Government's hate speech change explained: How different is it to proposals, will it be unlawful to insult someone's religion

The Government has significantly watered down its hate speech reform and will now just make a single change aimed at protecting religious communities. 

It's a far cry from six key proposals unveiled by the Government in June last year as part of the response to the Royal Commission of Inquiry into the Christchurch terror attack.

The Government initially wanted to create new protections for members of different groups, like those of religious groups and for those of different genders, sexualities and disabilities. A new criminal offence would have been created in the Crimes Act that was clearer and easier to understand. 

But after more than 19,000 submissions, Cabinet has agreed to throw most of that over to the Law Commission to consider and instead only make one immediate change - to protect religious groups.

Under the Human Rights Act, there are two sections relating to "racial disharmony". One is for criminal matters and another is for civil.

Currently, it's illegal to publish written material, broadcast content or use words that are "threatening, abusive or insulting" in a manner that is "likely to excite hostility or ill-will against, or bring into contempt or ridicule, any such group of persons in New Zealand" on the basis of colour, race, ethnicity, or national origin. 

Importantly, for someone to commit the offence, there has to be "intent" to bring about that reaction towards that racial "group". Someone saying something insulting about an individual's race with no intent to cause others to be hostile towards them isn't captured by that specific provision.

No prosecution can happen without the consent of the Attorney-General.

The Government is wanting to extend that provision to now include religious beliefs. The same change will be made in the civil section of the legislation.

A Bill will be introduced into Parliament soon with the hope of it passing during the current parliamentary term. It will be subject to a full Select Committee process.

No further change in the wording of the legislation or the threshold for the offence has been flagged.

The Government had previously proposed that a new criminal offence would replace the words "hostility", "ill-will", "contempt" and "ridicule" with "hatred."

"The exact wording of this provision would be determined following consultation. This includes whether to use the term “incite”, “stir up” or some other term with the same meaning," the Government's 2021 discussion document said.

"This proposal would prohibit speech that maintains or normalises hatred, in addition, to speech that incites or stirs up hatred. This ensures that communications that may be aimed at people who may already hold extreme views would be unlawful."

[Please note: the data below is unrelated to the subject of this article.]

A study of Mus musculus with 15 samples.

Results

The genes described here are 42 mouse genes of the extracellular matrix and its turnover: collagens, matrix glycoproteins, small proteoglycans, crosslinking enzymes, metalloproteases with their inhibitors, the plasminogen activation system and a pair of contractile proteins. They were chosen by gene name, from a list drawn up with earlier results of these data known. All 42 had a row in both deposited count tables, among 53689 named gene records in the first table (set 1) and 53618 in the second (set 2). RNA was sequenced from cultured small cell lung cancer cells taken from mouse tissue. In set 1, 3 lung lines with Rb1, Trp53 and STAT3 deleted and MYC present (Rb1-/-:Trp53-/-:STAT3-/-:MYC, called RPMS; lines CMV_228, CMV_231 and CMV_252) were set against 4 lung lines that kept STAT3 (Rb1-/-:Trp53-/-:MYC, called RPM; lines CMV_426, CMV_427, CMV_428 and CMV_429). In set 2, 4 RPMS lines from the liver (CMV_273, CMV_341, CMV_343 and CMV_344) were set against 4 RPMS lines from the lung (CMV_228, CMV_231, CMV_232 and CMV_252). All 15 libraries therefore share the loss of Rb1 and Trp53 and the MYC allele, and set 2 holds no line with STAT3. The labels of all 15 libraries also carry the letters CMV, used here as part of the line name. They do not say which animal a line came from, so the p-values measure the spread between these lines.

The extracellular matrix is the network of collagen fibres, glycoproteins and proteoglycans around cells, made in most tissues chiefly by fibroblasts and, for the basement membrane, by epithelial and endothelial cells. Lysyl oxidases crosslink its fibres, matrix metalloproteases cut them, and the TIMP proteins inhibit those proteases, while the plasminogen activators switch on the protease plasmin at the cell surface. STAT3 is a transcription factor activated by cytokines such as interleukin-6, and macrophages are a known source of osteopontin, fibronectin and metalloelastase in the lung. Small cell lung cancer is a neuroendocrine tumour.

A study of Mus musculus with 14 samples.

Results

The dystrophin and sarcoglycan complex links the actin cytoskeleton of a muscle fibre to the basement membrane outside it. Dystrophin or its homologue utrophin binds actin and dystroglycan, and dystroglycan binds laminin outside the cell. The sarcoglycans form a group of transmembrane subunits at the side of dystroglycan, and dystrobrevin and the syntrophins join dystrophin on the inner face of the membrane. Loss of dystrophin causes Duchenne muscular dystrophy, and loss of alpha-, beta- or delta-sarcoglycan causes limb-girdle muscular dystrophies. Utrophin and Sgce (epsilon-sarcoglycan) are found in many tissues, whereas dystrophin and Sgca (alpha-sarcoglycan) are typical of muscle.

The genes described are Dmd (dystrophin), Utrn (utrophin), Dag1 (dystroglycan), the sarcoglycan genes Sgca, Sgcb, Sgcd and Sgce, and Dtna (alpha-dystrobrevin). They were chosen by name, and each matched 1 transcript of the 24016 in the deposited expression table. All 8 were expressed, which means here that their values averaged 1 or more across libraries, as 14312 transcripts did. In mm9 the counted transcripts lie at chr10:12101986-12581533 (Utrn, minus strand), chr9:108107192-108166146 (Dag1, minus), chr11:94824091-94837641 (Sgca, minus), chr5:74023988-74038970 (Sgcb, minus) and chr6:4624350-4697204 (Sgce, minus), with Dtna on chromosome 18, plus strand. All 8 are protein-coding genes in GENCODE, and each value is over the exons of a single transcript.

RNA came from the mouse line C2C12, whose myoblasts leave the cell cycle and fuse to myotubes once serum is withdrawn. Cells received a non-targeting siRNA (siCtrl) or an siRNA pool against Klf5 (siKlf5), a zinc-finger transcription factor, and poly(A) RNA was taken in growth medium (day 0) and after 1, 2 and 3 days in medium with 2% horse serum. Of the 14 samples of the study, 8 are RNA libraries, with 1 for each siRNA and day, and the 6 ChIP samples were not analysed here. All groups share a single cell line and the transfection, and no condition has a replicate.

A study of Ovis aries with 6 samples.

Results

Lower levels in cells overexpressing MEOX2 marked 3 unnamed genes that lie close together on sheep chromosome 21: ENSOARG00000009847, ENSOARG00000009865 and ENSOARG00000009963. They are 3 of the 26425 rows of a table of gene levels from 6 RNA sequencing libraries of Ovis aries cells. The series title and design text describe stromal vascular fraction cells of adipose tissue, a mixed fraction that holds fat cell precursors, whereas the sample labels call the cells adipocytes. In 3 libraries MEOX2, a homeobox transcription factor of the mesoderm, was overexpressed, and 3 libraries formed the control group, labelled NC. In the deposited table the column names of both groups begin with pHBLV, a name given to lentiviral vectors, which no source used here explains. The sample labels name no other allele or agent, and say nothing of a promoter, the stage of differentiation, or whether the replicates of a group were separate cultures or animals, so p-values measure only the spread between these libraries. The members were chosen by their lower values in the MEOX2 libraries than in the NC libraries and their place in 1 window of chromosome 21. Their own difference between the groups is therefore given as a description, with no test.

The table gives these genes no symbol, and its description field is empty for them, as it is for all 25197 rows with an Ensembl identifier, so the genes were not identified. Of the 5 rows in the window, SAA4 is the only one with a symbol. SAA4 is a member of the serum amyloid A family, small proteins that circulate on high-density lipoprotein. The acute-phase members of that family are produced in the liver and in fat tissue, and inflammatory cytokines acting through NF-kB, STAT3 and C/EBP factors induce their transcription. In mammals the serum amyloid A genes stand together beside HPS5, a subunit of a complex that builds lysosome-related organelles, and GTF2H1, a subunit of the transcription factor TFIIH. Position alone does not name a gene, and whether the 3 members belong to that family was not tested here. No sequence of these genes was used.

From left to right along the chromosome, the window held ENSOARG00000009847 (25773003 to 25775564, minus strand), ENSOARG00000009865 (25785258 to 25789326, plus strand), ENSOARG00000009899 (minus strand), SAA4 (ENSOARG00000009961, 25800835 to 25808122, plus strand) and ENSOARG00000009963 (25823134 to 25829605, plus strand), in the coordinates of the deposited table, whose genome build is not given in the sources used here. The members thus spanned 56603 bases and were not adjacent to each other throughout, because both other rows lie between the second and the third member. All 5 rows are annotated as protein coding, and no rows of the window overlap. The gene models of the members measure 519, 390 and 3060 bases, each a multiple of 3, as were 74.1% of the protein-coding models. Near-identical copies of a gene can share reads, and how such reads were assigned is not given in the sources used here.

Justice Minister Kiri Allan.
Justice Minister Kiri Allan. Photo credit: Newshub.

The Government had also proposed increasing the penalties for inciting disharmony - currently a fine of up to $7000 or three months in prison - and clarifying that trans, gender diverse and intersex people are protected from discrimination.

Those changes weren't mentioned in Justice Minister Kiri Allan's announcement on Saturday.

Instead, she's asked the Law Commission to "undertake an independent and thorough first principles review of legal responses to hate-motivated offending, and of speech that expresses hostility towards, or contempt for, people who share a common characteristic". 

"This will include whether further protections should be afforded to specific groups, including the Rainbow and disabled communities."

Allan argued these issues are "complicated" and the Law Commission's review would "ensure any further changes to the incitement provisions meet society’s expectations and needs".

"As demonstrated many times previously, such as with abortion law, the Law Commission is well equipped to take on a complex and sensitive issue, and carefully consider how the law should be shaped in response to it."

Both National and ACT have confirmed that despite the watering down, they still won't support the legislation.

"It is actually quite a significant reduction of free expression and free speech," National's Paul Goldsmith said of the proposal on Saturday,

"The phrase that the minister used, in consultation with us, was 'religious belief'. When you go to beliefs it's a much broader area and the human rights legislation that they're basing it on… includes 'insult' and 'ridicule' and, quite frankly, nobody wants to be insulted or ridiculed but that is actually an important part of expression."

In a letter to Allan on Friday, Goldsmith made a similar point. 

"We do not support the proposal, because it would significantly narrow the scope of free speech and expression in our country. People may not enjoy having their religious beliefs insulted or ridiculed, or held in contempt, but the ability for people to be able to do that in a free society is important. In a free society it should be ok to ridicule religious beliefs."

ACT's David Seymour said the new proposal isn' "compatible with a free and open society and ACT will repeal them".

"Preventing freedom of expression on religious grounds is a significant restriction. It is important that we are allowed to call out examples of religious persecution without fear of being prosecuted," he said.

"Freedom of expression is one of the most important values our society has. We can only solve our most pressing problems in an open society in which free thought and open enquiry are encouraged."